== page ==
Pedro Almodóvar Shares Quarantine Film Recommendations, Memories of Madonna

A new essay from the great filmmaker covers a lot of ground

Pedro Almodóvar in 2017
Pedro Almodóvar in 2017.
Ruben Ortega/Creative Commons

Great filmmakers are often great storytellers; it’s something that comes with the territory. And if you’re looking for an fascinating behind-the-scenes look at the film industry, a new essay by Pedro Almodóvar, published in translation at IndieWire, has much to recommend itself. While he engages in social isolation in Madrid, the great filmmaker has been writing about his life — from bygone encounters with Hollywoof royalty to more recent memories of award-season events.

Almodóvar’s essay covers a lot of ground, and is written in a somewhat free-associative style. A passing mention of James Ellroy’s novels of morally flawed police in Los Angeles segues into a paean to the films of Brian De Palma — who brought Ellroy’s novel The Black Dahlia to the big screen, with mixed results.

Thinking of De Palma’s filmography in turn prompts Almodóvar to offer some viewing suggestion for cinephiles with extra time on their hands:

I would recommend you many others by De Palma before that one: “Sisters,” “Phantom of the Paradise,” “Carlito’s Way,” “Body Double” — with Melanie Griffith at the peak of her powers, skinny as a rake — and above all, “Scarface” with Al Pacino. Don’t bother with “The Black Dahlia” and organize yourselves a program with all of those films, you’ll thank me later.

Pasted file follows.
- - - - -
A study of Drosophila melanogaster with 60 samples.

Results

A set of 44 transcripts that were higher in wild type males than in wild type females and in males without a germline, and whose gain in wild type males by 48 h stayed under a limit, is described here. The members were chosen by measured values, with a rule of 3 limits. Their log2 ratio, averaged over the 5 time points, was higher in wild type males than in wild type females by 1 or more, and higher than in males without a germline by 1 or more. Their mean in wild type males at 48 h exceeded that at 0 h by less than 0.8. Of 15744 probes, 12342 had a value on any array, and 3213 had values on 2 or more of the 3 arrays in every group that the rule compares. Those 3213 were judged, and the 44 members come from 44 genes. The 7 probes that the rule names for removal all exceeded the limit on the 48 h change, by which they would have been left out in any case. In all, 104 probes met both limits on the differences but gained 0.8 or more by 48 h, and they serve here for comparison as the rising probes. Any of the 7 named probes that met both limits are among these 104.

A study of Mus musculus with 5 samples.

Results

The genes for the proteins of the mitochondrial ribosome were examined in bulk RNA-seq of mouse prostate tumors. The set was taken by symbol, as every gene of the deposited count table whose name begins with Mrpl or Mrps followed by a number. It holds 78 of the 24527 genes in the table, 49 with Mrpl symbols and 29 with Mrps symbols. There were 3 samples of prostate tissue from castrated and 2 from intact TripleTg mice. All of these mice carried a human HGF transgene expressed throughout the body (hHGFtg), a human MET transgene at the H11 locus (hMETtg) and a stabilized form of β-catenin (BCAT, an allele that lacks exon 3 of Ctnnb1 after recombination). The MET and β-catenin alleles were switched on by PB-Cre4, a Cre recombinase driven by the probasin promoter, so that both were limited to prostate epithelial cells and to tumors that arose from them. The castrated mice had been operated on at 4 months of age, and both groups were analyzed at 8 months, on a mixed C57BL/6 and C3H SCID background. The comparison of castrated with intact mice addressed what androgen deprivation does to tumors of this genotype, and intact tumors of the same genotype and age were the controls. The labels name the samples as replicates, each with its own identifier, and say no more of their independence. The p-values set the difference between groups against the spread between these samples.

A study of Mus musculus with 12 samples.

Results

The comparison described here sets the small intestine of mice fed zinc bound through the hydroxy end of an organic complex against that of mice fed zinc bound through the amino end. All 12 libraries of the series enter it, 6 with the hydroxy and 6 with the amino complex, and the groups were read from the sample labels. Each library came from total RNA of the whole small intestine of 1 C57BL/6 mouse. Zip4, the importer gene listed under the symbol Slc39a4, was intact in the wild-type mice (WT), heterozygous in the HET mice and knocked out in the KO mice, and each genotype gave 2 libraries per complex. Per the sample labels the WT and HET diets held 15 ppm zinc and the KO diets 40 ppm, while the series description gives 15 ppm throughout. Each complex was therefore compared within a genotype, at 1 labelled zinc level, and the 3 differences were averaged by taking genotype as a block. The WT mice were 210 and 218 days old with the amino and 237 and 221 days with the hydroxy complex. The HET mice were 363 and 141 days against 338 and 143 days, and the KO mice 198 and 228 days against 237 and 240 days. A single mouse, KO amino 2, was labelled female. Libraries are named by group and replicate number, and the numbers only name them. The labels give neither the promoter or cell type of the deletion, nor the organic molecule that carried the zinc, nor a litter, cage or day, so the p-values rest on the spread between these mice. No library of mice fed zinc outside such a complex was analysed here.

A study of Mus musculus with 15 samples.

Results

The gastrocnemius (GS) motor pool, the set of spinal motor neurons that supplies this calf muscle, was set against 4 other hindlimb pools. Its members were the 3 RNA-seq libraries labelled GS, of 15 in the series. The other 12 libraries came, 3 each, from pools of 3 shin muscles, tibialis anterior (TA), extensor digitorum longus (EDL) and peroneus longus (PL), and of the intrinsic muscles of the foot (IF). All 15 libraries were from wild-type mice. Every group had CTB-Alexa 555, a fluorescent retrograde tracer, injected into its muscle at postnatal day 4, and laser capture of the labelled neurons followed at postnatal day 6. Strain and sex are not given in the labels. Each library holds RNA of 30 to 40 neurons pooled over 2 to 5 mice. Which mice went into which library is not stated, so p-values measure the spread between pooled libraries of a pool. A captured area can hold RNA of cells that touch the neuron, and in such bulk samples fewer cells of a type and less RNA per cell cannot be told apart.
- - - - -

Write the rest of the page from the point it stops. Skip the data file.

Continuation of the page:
Almodóvar also shares his memories of repeatedly conversing with Madonna — including on the set of the Warren Beatty-directed Dick Tracy and during Madonna’s subsequent Blonde Ambition tour. Things reach a climax at a surreal dinner at which  frequent Almodóvar collaborator Antonio Banderas was also present.

There are plenty of other amazing moments to be found throughout the director’s essay, including a moment where he and Annette Bening bond over their shared admiration for the writings of Lucia Berlin. Almodóvar also writes that he thought Adam Sandler “was wonderful” in Uncut Gems. If Sandler is seeking another prestigious filmmaker to work with, one could only imagine what the two of them might come up with.